The French Adventure Continues……
After two days of rain, the skies cleared and at the first opening of the bridge for the morn, Gratis was up and ready.
This was another of those trips repeated from last year, but it was a pleasant six hour motor that saw us deal with three slow locks in the 30km or so travelled.
From the turn into the River L’aa, it is only a further 30 plus kilometres to Calais, only the water depth drops from 2.5 plus metres to 1.5m: this means much slower travel.
There are also two locks on the Canal de Calais and that adds time to the journey. In addition to the locks and depth, the only mooring on this section is recorded at 1.2m depth – in the book.
The result? We chose to forgo the 60km day.
In preference, we chose a spot discovered last year: Relais Flandre – Artois in a small side channel, just opposite the township of Watten.
Watten itself is a small village, whose written records commenced during the 800’s: in what is a small township, that is a feat in itself after the destruction created by two world wars. Over the centuries, Romans, Francs, Germans and so forth resided.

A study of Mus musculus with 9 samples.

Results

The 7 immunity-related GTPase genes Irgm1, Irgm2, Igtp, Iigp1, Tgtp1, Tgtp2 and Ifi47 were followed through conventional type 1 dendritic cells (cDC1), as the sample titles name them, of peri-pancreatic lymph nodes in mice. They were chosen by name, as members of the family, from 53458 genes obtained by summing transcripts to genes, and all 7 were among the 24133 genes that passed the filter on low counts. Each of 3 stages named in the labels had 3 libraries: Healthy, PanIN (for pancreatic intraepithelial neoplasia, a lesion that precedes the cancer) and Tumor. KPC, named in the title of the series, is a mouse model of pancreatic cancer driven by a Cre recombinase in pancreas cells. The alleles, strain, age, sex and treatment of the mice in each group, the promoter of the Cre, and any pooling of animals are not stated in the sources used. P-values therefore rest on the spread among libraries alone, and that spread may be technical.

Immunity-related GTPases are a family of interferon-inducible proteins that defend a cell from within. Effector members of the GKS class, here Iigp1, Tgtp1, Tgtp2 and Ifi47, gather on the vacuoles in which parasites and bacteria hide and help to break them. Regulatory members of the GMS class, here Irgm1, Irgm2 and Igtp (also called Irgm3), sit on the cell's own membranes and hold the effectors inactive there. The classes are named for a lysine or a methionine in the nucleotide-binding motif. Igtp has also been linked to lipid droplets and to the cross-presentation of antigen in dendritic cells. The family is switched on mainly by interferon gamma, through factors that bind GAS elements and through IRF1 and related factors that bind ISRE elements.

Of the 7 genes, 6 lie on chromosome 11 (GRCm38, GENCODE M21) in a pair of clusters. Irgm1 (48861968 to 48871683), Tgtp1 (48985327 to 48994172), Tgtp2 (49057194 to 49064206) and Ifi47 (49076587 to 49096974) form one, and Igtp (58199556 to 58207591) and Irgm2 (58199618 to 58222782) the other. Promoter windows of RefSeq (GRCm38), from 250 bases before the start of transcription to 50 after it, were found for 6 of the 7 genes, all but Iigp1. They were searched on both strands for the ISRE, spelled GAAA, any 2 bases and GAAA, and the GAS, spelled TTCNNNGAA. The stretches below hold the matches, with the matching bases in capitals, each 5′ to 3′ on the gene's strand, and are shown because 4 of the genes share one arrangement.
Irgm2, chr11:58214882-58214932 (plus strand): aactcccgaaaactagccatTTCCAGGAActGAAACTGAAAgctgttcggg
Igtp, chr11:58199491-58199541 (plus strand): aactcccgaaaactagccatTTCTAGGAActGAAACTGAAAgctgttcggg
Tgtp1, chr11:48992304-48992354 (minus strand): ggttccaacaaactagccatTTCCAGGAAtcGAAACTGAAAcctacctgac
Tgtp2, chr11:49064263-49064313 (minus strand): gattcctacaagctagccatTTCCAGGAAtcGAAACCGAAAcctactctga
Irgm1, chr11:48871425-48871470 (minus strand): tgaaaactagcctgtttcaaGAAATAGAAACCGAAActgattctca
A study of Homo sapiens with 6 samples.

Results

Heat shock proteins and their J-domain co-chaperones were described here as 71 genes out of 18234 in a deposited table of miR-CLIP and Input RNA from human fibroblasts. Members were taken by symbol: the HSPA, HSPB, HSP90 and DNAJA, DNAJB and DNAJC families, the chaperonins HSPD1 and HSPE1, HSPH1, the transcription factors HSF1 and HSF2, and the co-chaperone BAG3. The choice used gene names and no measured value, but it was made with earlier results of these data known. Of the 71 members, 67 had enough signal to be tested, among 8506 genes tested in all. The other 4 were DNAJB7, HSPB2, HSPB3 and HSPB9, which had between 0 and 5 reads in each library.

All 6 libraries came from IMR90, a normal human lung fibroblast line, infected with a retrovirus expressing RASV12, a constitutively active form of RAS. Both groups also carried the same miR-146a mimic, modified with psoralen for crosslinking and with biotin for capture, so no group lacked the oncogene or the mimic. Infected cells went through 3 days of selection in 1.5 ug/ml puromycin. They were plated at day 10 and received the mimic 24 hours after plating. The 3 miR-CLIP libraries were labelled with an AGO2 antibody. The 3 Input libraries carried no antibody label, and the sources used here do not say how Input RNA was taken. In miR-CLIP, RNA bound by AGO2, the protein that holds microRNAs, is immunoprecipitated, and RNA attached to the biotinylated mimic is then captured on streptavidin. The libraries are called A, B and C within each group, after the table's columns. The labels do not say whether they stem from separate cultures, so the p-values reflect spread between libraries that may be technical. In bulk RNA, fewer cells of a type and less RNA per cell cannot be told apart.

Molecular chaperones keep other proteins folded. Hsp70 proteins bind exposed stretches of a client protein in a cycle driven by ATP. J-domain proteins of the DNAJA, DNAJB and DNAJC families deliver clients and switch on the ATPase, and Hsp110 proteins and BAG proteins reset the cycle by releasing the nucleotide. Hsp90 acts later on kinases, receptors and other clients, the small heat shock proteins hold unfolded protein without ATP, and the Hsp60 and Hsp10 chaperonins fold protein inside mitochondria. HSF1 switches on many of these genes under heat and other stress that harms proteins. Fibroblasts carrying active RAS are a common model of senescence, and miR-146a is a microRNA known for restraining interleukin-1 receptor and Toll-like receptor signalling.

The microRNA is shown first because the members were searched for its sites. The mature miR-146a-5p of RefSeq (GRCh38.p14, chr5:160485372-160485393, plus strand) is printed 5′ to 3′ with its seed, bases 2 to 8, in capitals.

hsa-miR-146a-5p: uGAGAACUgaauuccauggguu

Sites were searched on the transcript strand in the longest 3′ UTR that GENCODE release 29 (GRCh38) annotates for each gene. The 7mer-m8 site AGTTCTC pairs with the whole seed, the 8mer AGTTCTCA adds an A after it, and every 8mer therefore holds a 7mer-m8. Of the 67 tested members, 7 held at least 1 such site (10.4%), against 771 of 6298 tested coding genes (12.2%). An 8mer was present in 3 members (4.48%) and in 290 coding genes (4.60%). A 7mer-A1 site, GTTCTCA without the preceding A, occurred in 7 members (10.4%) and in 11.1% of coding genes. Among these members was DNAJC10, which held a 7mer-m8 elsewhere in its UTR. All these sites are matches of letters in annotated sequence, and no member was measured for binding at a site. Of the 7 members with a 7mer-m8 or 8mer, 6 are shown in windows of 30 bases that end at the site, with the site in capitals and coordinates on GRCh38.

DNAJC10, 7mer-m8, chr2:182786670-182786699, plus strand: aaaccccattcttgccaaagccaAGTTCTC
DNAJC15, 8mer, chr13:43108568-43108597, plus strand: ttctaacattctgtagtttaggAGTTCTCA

Hi atop the hill, Mount Watten, overlooking the thriving city below, a small chapel had been constructed during the settlement’s early days. It was here where the priests later arrived, and over time created an abbey with church. Today a ruin, it has been incorporated into a nature park where the walking enthusiast can spend time ambling the paths. Sadly, with Bob’s knees not up to it, we didn’t undertake the walk.
Today, the main church is positioned midway down Mount Watten.
Bob and I liked the way the newer stained glass windows, remembered those who died during the wars.
On our amble through the town, Bob and I came across remnants of the old canal that once surrounded the walled village. Today, it’s been filled in and a park area created. An original lock has become a segment of walking path beneath its bridge, whilst a little further on, a second bridge rises up and over in the centre of the park and unless one makes the connection, it seems quite an anomaly.
After several years where bumble bees have been miniscule in size when compared to those of times past, and sightings practically non – existent, there was a nice surprise this afternoon on finding a number of bushes covered in the large beauties.
- The Watten Abbey was in such a strategic position military wise that it was fortified.
- As early as the eleventh century, the river Aa was being altered to suit the wealthy inhabitants, and by the 1100’s it had been made navigable all the way to the sea.
- Up until recent times a diversity of dialects were to be heard on both sides of the Aa: resultant from the numerous invasions that have taken place.